Tax collector wants to freeze state levy on gasoline
SACRAMENTO— An elected state tax collector wants to save strapped California motorists money by freezing the sales tax on gasoline whenever the pump price jumps above $4 a gallon.
The idea, said George Runner, a Republican member of the State Board of Equalization, is to put a few bucks back in consumers’ pockets rather than provide a small windfall to local governments.
Gasoline prices in California averaged $4.33 on Wednesday, according to AAA’s Daily Fuel Gauge Report. Runner said his proposal, expected to be introduced soon in the Legislature, would save consumers $1.4 billion a year if retail gas prices hit $5 a gallon.
“This should be a reasonable issue for us to talk about without being partisan,” Runner said. “We should try to figure out how to help motorists and taxpayers who are getting walloped at the pump.”
Passing a bill won’t be easy, Runner acknowledged. It would cut revenue for struggling cities, counties and other local governments. They would lobby hard to keep any proposal from winning bipartisan two-third majorities of the members of the Assembly and Senate and the support of Gov. Jerry Brown.
Brown and the Democrats who control the statehouse are struggling to fill a projected $9.2-billion deficit next year, and a host of cities are facing ever-deeper cuts as they try to balance their own budgets.
Sales tax revenue on gasoline for cities and counties rose 22.5% for the fiscal year that ended Sept. 30. And a change in the tax formula two years ago is ensuring that the state per-gallon gasoline excise tax revenue stays even with fuel-price inflation.
“We’re not interested in undermining funding for local governments,” said Robin Swanson, a spokeswoman for Assembly SpeakerJohn A. Perez(D-Los Angeles).
Gas sales tax dollars will help but “are not a panacea for the deep problems that cities are working through right now,” said Michael Coleman, a financial analyst with the League of California Cities.
California now has the second-highest level of gas taxes in the nation with an average of 67 cents a gallon, just below New York’s 67.4 cents a gallon, according to the American Petroleum Institute.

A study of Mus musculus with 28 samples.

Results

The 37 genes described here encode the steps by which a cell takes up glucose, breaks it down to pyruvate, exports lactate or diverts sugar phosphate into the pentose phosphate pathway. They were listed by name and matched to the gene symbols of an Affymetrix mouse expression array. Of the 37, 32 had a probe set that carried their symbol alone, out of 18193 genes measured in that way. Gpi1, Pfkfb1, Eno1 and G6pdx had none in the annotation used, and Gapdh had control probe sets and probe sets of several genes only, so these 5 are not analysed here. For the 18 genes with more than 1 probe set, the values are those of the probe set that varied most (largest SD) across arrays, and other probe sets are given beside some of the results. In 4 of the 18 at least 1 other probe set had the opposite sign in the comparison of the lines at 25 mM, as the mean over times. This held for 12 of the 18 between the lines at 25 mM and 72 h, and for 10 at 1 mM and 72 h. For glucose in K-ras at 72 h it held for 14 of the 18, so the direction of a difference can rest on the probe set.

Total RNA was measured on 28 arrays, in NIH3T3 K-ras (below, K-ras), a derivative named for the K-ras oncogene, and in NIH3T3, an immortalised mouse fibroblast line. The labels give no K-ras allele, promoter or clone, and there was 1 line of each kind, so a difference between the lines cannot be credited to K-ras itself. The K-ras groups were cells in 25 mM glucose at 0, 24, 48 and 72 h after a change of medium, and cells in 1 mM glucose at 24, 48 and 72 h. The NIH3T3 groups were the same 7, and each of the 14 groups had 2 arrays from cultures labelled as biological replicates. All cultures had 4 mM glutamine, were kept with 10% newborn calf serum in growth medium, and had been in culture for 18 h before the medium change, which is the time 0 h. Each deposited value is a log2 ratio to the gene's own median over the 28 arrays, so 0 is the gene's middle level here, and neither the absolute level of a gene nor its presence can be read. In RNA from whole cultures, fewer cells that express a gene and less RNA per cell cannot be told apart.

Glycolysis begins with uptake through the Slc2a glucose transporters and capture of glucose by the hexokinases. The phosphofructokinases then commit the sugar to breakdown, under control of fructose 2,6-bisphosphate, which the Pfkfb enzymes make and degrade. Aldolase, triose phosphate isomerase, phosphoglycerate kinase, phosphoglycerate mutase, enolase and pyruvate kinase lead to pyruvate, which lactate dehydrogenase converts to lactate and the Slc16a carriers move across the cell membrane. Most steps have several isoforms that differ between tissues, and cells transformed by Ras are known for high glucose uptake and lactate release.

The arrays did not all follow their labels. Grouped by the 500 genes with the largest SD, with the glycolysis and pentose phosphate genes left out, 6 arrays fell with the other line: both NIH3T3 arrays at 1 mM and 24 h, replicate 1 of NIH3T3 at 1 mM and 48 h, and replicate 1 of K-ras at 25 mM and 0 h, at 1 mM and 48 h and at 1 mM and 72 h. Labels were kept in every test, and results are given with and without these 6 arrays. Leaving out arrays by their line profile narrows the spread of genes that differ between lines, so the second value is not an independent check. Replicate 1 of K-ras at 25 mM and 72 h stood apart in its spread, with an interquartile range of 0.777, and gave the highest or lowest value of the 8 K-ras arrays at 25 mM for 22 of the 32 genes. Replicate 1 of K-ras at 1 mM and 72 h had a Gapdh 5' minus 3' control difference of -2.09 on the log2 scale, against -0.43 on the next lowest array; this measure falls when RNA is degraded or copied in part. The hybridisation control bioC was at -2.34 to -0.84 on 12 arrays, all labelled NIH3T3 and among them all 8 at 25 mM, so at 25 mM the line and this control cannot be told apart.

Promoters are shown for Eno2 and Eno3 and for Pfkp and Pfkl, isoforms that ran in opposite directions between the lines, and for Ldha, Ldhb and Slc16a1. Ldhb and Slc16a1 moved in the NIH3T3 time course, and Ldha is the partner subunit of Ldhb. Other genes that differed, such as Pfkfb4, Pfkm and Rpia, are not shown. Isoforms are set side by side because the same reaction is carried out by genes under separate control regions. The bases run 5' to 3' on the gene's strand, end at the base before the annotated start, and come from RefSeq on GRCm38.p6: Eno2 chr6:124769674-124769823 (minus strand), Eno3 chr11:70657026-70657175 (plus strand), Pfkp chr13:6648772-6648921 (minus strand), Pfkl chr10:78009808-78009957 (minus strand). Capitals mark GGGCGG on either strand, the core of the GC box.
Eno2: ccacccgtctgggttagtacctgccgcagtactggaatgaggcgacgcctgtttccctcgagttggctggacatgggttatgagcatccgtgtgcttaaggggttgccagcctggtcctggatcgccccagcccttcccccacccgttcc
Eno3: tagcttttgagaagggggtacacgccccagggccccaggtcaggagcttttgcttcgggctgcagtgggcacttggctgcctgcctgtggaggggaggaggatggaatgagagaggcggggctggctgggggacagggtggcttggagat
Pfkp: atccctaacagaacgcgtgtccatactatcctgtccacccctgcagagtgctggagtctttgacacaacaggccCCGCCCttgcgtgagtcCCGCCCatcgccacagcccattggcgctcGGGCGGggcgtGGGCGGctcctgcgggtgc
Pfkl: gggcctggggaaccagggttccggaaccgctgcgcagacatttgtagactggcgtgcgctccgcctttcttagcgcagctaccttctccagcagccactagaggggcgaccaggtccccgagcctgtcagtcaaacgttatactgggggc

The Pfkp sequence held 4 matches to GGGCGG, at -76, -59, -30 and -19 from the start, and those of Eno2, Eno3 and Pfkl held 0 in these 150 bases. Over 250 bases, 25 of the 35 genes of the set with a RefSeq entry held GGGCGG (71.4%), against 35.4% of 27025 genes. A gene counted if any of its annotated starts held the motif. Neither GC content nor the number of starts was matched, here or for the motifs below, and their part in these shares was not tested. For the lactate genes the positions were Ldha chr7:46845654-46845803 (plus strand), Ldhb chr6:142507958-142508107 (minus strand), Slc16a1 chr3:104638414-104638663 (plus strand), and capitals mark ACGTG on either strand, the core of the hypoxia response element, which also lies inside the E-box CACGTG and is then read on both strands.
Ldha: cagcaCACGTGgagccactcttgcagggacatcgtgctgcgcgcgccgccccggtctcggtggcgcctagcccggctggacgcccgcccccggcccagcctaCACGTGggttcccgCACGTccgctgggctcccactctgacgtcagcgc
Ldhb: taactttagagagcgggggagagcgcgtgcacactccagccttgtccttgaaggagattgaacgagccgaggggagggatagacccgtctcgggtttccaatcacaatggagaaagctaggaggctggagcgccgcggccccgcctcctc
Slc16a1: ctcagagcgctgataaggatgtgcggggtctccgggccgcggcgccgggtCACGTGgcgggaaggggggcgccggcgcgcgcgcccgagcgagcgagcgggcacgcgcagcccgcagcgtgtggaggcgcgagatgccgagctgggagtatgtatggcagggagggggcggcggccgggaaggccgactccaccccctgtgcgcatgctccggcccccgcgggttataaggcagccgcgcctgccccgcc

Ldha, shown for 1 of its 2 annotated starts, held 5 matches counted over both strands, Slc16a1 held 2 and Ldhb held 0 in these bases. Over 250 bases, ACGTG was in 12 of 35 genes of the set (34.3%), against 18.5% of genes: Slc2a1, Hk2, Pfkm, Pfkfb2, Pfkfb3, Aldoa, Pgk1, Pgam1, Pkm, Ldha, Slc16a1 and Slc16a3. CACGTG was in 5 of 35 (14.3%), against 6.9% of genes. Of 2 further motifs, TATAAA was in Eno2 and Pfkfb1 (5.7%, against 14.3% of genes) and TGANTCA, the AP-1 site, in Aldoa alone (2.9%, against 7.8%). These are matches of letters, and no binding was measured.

For every gallon of gasoline they buy, California motorists pay a federal excise tax of 18.4 cents and a state excise tax that is 35.7 cents now but fluctuates annually. The local sales taxes average 3.1% on the cost of gas and on the excise taxes, essentially a tax on taxes. That amounts to more than $10 in taxes for a 15-gallon tank of gasoline.
Those rates, according to the Board of Equalization, gave the state $5.2 billion for the fiscal year that ended Sept. 30 and local governments a total of $1.5 billion.
Most of the local gas-tax pot is earmarked by various laws for special purposes, including public safety, health, social services and transportation. But a little more than a third of the proceeds goes to the cities and counties to spend as they like.
The rising proceeds from gas taxes aren’t a game changer for Los Angeles as it copes with a fiscal crisis, Mayor Antonio Villaraigosa said.
“It’s not enough of a revenue source that we’re focused on it much,” the mayor said.
The increased income “is like nickels and dimes to the cities,” said Lenny Goldberg, director of the liberal-leaning California Tax Reform Assn. At best, he said, the added funds help compensate the city for higher fuel costs for police cars, fire engines and garbage trucks.
The city’s share of gasoline sales tax rose nearly 17.8% to $12.6 million for the three months that ended Sept. 30 from $10.7 million in the year-earlier quarter. That accounted for 13.3% of the city’s revenue from all sales taxes, according to the Los Angeles city administrative officer. Sales taxes in general account for 4.5% of the city’s revenue.
The slow trend of increased gas tax revenue is expected to continue in upcoming city reports for the last three months of the year and the first quarter this year, said Rexford Olliff, a City Hall financial specialist.
“Growth can be reasonably expected until gasoline prices stabilize or decline,” Olliff said.
The growing tax revenue comes in spite of a steady drop in demand as prices have soared. Consumption fell nearly 3% for the year that ended Sept. 30, according to the California Board of Equalization. Over a six-year period, demand has fallen 10%.
To compensate for potential loss of income, which is dedicated to transportation projects, the Legislature last year applied an inflation index to a portion of the excise tax. It ordered tax collectors to recalculate the levy annually.
Runner’s idea is good but doesn’t go far enough, said Jon Coupal, president of the conservative Howard Jarvis Taxpayers Assn., named after an author of the Proposition 13 initiative that limited property taxes.
Instead of coming up with ways to keep all gasoline taxes high, lawmakers should declare a tax holiday for the sales tax on gasoline, Coupal said.
“We have always found it extraordinarily offensive that there is a state tax applied to a federal tax and another state tax,” Coupal said. “If you go up to anybody and tell them that, they are incensed.”
Your guide to our new economic reality.
Get our free business newsletter for insights and tips for getting by.
You may occasionally receive promotional content from the Los Angeles Times.